ATD Blog

Cleveland Clinic's Culture Focuses on Patients First

Monday, August 24, 2015

“Patients First” is the guiding principle of the Cleveland Clinic; the organization strives to provide outstanding and compassionate care and service. But creating the kind of culture capable of delivering such comprehensive service was a process years in the making. 

Several years ago, the Cleveland Clinic embarked on a journey to create a “Patient First Culture,” which it now refers to as the “Cleveland Clinic Experience.” The ultimate vision was to provide excellent patient satisfaction and have highly engaged caregivers serve patients—and fellow caregivers—with high quality, cost-effective, and safe patient care. 

To culturally impact thousands of providers and caregivers—not to mention millions of patients—was a daunting task, indeed. The Cleveland Clinic learned that change is possible, though, when it is for the right reason: outstanding patient and employee experience. What’s more, we learned that change needs to start at the top. 

In fact, leadership realized that if Cleveland Clinic was to continue to be a world-class organization, the culture would need to change. Improving patient experience and employee engagement required a commitment to deep-seated change that would transform Cleveland Clinic’s culture, and fundamentally its leadership framework.  

This new framework would need to present a fundamental change in thinking, a new approach to problem solving, and demand caregivers learn how to communicate with patients and each other more effectively. Fortunately, the framework for cultural change was driven by the president and CEO of Cleveland Clinic, Delos T. Cosgrove, MD. In other words, this would not be a delegated task or outsourced project. 


The Cleveland Clinic team chose to embrace the leadership philosophy model of The  Serving Leader, written by Ken Jennings and John Stahl-Wert. Its principles were used to develop a training manual specific to Cleveland Clinic staff, and served as an outline to start intensive staff training. 

Once developed, training and other change-related efforts were launched by invitation—instead of a mandate—to executives, leadership, and managers in the organization. These folks were asked to participate in “cohorts” where they were introduced to the ideas, principles, and practices laid out in The Serving Leadership. 


In addition, a common language was developed and key competences were shared. An additional key element was to integrate Serving Leader competencies into the caregiver’s job roles and evaluate each person on Serving Leader practices in the annual performance evaluation process. Finally, to guide staff toward this new perspective, we created a visual map on the “Cleveland Clinic Experience” that illustrated the patient experience from multiple perspectives, the values Cleveland Clinic strived to deliver, and the “Patients First” philosophy.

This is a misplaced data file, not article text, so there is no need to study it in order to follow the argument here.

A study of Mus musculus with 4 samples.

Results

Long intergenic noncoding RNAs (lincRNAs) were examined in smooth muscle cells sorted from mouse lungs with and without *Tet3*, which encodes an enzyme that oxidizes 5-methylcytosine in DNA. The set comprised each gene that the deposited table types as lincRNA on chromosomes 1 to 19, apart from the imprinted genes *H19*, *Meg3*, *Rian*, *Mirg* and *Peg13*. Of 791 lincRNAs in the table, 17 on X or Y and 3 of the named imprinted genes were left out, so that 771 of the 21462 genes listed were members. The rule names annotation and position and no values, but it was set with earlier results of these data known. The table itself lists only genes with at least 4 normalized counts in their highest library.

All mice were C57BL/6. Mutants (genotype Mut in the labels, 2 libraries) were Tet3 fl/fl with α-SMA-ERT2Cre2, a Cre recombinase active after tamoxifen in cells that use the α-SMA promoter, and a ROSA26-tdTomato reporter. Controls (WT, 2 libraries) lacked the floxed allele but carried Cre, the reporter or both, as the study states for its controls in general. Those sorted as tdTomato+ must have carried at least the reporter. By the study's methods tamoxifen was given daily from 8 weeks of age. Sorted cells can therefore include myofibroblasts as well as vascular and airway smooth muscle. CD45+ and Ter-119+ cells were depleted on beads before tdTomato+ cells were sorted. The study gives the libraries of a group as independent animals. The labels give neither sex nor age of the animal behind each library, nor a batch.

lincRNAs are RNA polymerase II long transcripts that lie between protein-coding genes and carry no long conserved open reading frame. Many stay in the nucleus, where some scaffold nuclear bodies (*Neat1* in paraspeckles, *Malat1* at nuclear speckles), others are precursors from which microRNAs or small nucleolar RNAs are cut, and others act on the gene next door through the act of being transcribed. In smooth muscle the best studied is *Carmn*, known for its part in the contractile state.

Join me for the webcast August 27, 2015, “Creating a Patients First Culture: How the Cleveland Clinic Produced Lasting, Sustainable Change,” to learn more details on Cleveland Clinic’s journey.

About the Author

Michael O'Connell is vice president of clinical and support services for Marymount Hospital, a Cleveland Clinic hospital, in Garfield Heights, Ohio. He is responsible for hundreds of employees in the departments of radiology, lab, cardiopulmonary services, pharmacy, security, emergency management, and facilities. Michael oversees services at three campuses; serves as the corporate compliance official, safety officer, and environment of care chairman; and is responsible for all construction and renovation projects. He is executive sponsor for the hospital’s Green Team and Helping Hands Committee. Prior to his current position, Michael served in various leadership roles at Cleveland Clinic for 15 years, including vice president of clinical services, vice president of operations and physician services, vice president of professional and physician services, and senior director. Michael has a master of health administration degree from Saint Louis University and a bachelor of science degree from University of Illinois, Urbana. He is certified in healthcare management and medical practice and is a fellow in the American College of Medical Practice Executives and American College of Healthcare Executives.